July 30, 2014 10:37:39 AM
Oktibbeha County supervisors and Starkville aldermen both have something in common: They recently tended to business outside the constraints of their published agendas.
Both boards passed policy decisions this week that were not clearly spelled out as potential action items before their meetings. While both policy changes were needed, we feel local leaders could do a better job informing the public of potential action.
The county board of supervisors' agenda, a comically underwhelming, one-page document, was issued last week with no mention of addressing a tabled nightclub ordinance. Again, the same, poorly-detailed agenda document sat on display for the public Monday afternoon before the meeting, yet supervisors passed the motion unanimously with little discussion.
We feel the ordinance is needed to help curb problematic nightclubs and establish necessary life-safety requirements, but how can residents approach the board about business they do not know is up for consideration?
Sure, residents at any time can address supervisors in a small window allotted for public comments, but failing to list the item, while not illegal, is the enemy of transparency and open communication.
Compared to Starkville, county agendas barely tell taxpayers what will happen in a meeting. Information is listed for individuals or groups to speak - people are only identified by their last name - and the rough topic up for discussion, but there is never clarity on its scope, depth or nature.
Starkville publishes an agenda on the Friday before a Tuesday meeting that typically details each and every open session point of business, save for any executive session topics. The July 15 package alone was 184 pages.
While we applaud the city's efforts to outline specific agenda items, Starkville aldermen also deviated from its specially called meeting agenda Tuesday. According to that document, the city would only consider approving payments for the two issues; however, six members of the seven-person board changed the city's policy dealing with what payments City Clerk Lesa Hardin can authorize without bringing checks before the board.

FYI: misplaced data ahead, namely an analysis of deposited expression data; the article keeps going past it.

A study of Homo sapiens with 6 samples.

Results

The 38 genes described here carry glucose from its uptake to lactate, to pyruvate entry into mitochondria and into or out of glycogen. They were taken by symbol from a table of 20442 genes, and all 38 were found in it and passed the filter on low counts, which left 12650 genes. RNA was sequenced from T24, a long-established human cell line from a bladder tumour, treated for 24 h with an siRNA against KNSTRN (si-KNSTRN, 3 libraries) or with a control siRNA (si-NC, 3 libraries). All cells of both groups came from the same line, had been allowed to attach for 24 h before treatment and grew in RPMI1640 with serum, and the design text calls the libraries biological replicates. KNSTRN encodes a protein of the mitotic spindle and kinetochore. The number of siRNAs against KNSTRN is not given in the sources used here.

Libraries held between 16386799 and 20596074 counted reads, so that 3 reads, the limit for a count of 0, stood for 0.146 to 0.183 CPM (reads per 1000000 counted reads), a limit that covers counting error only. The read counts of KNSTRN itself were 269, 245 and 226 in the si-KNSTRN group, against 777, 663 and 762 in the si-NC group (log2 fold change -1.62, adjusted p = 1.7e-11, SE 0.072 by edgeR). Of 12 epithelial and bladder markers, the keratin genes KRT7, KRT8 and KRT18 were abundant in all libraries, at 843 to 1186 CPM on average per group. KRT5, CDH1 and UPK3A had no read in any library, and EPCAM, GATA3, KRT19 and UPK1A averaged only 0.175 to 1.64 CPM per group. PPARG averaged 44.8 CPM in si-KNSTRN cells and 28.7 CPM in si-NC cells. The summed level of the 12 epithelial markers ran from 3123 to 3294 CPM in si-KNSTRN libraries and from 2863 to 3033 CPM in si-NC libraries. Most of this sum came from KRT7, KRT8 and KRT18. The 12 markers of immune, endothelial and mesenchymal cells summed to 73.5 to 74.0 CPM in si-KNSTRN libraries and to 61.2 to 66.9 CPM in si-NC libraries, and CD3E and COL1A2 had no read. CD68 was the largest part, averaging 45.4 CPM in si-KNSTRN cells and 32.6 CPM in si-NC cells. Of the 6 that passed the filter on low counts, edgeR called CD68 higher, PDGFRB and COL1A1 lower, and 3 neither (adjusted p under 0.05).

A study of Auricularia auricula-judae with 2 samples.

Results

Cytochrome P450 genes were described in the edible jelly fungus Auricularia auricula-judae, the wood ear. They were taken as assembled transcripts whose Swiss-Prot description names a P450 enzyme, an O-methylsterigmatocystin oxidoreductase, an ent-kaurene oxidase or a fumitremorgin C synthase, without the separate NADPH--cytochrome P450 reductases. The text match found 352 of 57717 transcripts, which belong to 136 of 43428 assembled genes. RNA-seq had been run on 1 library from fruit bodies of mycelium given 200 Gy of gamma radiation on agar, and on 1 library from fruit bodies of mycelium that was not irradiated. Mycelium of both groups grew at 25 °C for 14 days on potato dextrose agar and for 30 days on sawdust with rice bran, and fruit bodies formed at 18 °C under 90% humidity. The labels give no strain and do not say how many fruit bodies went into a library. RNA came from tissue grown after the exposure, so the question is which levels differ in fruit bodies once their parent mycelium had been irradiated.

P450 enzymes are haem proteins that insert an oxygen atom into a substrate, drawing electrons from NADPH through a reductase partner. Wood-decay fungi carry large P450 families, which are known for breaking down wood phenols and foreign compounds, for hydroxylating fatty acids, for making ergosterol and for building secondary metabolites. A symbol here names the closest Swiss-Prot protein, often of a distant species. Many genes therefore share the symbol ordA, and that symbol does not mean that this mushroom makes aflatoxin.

The sticking point with Starkville is that, unlike supervisors' own regularly scheduled gathering, the city held a specially called meeting. Miss. Code Ann. 21-3-21 states "business not specified" within a specially called agenda "shall not be transacted at the meeting."
City officials argue that the subject and nature of Tuesday's action covered the scope of the meeting's aim to pay bills, but again, another local board deviated from its own agenda and made policy changes without alerting the public.
The city and county may be within legal thresholds with their actions, but both boards are doing a disservice to voters by not informing them of potential resolutions and tending to undocumented business after setting their agendas.
For true transparency, we urge both boards to fully list all business on their respective agendas. If an alderman or supervisor wants to bring up a new point of business, he or she can announce their intent publicly at the table and schedule the matter for the next meeting, thereby allowing public discourse to begin.
Additionally, it's time for the county to produce detailed agenda packets for its residents. Supervisors may tout the county's website as a tool for two-way communication, but how can residents truly interact with its government if they have no idea what business the board will tackle?
If supervisors wish to truly represent the people, it's time to let the sunshine in on governance, thereby allowing residents to give qualified opinions on current matters.